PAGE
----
Written by
Chris Suriano
June 9, 2021

Neuroscience research has been revolutionized by technologies such as optogenetics and calcium imaging to manipulate and image neuronal activity. However, we still lack a detailed blueprint of how neural circuits connect in vivo. The only technology that allows for the imaging of neurons and their connections at resolutions high enough to view the components of synapses and cellular organelles is electron microscopy (EM).

The laboratories of David Tank and Sebastian Seung are debuting a brand new facility within the Princeton Neuroscience Institute (PNI) that will utilize high-throughput transmission electron microscope (TEM) to describe the brain’s connectome. Due to new technological advancements, this new facility will allow the collection of connectomic data at unprecedented speeds.

Why would researchers use TEM as opposed to traditional light microscopy? The small size of structures like axons (a couple hundred nanometers wide) and synaptic vesicles (40-50 nanometers in diameter) can pose problems for traditional light imaging, which cannot resolve structures this small. Thus, researchers must resort to using electrons to image these structures. When a section of tissue is being imaged, particle beams of electrons are passed through the section. Cellular structures stained with heavy metals scatter electrons more than the space around the stained structures, which creates contrast. How many electrons pass through a section depends on the thickness of the sample and membranes. Ultimately this information is captured by a high signal-to-noise camera and processed to create high resolution images.

Why is this new PNI facility such an improvement compared to existing technology? As usual, tissue samples will be cut down to a one millimeter cube and fixed. These fixed cubes will then be stained with heavy metals and embedded in resin for thin sectioning. This is where advancements in the new PNI facility comes into play. The 40 nanometer sections will be placed on a film tape and collected in a reel1. Previously, TEM required the manual imaging of each section, creating a labor-intensive workflow. The reel-to-reel automated imaging of these sections dramatically reduces the time spent imaging. Additionally, the stages on which the sections are placed are also able to move faster, lessening the time required to scan each section.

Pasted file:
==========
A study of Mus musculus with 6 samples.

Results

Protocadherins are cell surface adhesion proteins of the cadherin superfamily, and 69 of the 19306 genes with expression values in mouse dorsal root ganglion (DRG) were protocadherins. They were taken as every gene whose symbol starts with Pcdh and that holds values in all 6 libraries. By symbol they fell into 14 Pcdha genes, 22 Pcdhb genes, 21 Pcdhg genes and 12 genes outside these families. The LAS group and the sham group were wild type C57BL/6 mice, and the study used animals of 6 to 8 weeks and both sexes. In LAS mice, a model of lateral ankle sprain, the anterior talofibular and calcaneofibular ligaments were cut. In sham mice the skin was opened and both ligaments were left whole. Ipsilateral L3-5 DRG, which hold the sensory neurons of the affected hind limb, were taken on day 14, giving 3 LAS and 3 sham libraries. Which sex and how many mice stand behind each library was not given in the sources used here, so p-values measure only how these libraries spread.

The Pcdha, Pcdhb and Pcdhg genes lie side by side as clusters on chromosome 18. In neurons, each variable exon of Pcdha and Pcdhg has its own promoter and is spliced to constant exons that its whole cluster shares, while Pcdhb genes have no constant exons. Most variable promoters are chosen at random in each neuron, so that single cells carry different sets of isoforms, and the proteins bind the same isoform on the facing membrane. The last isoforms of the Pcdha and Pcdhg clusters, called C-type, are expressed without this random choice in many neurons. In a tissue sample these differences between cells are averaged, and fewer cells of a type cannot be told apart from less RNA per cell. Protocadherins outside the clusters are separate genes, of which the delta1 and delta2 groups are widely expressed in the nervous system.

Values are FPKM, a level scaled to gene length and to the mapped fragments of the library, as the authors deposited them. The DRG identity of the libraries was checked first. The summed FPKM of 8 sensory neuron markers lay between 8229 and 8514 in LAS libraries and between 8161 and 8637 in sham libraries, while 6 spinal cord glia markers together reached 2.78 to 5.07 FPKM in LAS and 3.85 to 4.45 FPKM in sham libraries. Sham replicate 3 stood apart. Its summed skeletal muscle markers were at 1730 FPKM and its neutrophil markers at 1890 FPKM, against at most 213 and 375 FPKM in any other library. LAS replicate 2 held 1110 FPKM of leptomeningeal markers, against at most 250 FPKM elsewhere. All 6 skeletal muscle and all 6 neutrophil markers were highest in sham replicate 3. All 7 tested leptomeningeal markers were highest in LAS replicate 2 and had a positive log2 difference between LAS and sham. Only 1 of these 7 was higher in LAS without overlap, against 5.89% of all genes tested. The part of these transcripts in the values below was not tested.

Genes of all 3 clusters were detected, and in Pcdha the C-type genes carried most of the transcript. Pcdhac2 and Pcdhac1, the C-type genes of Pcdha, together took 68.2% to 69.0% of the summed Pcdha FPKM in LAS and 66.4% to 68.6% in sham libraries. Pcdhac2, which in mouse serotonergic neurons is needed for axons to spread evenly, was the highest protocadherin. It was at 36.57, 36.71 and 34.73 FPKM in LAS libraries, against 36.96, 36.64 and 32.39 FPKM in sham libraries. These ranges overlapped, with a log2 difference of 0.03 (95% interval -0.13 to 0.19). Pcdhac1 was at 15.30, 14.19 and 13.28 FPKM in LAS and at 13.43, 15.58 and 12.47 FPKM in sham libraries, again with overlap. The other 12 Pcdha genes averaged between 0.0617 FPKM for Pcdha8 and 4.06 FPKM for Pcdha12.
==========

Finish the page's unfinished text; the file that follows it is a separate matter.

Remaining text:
Previous transmission electron microscopes have an acquisition rate of ten to one-hundred megahertz. Building on previous technological advances2, Princeton’s new TEM facility has an unprecedented four-hundred megahertz raw acquisition rate. Combined with the four microscopes that can run simultaneously, the new TEM facility can acquire 4 terabytes of data per hour. Additionally, the sections can be re-imaged, if necessary, increasing the reliability of the data. In summation, the main two advantages of the new TEM facility are the automation and speed of imaging.

The facility finished construction in January of 2021 and the last microscope was installed in March. Researchers are now building the data acquisition software and the first volumes of data are expected to be collected in the following months. According to one researcher involved with the facility, “the only limiting factor now is collecting enough samples”. The researchers hope that the image acquisition pipeline used by the new TEM facility can be inserted at the end of many studies conducted at PNI, thereby connecting studies of functionality with electron microscopy to describe the circuits at high resolution.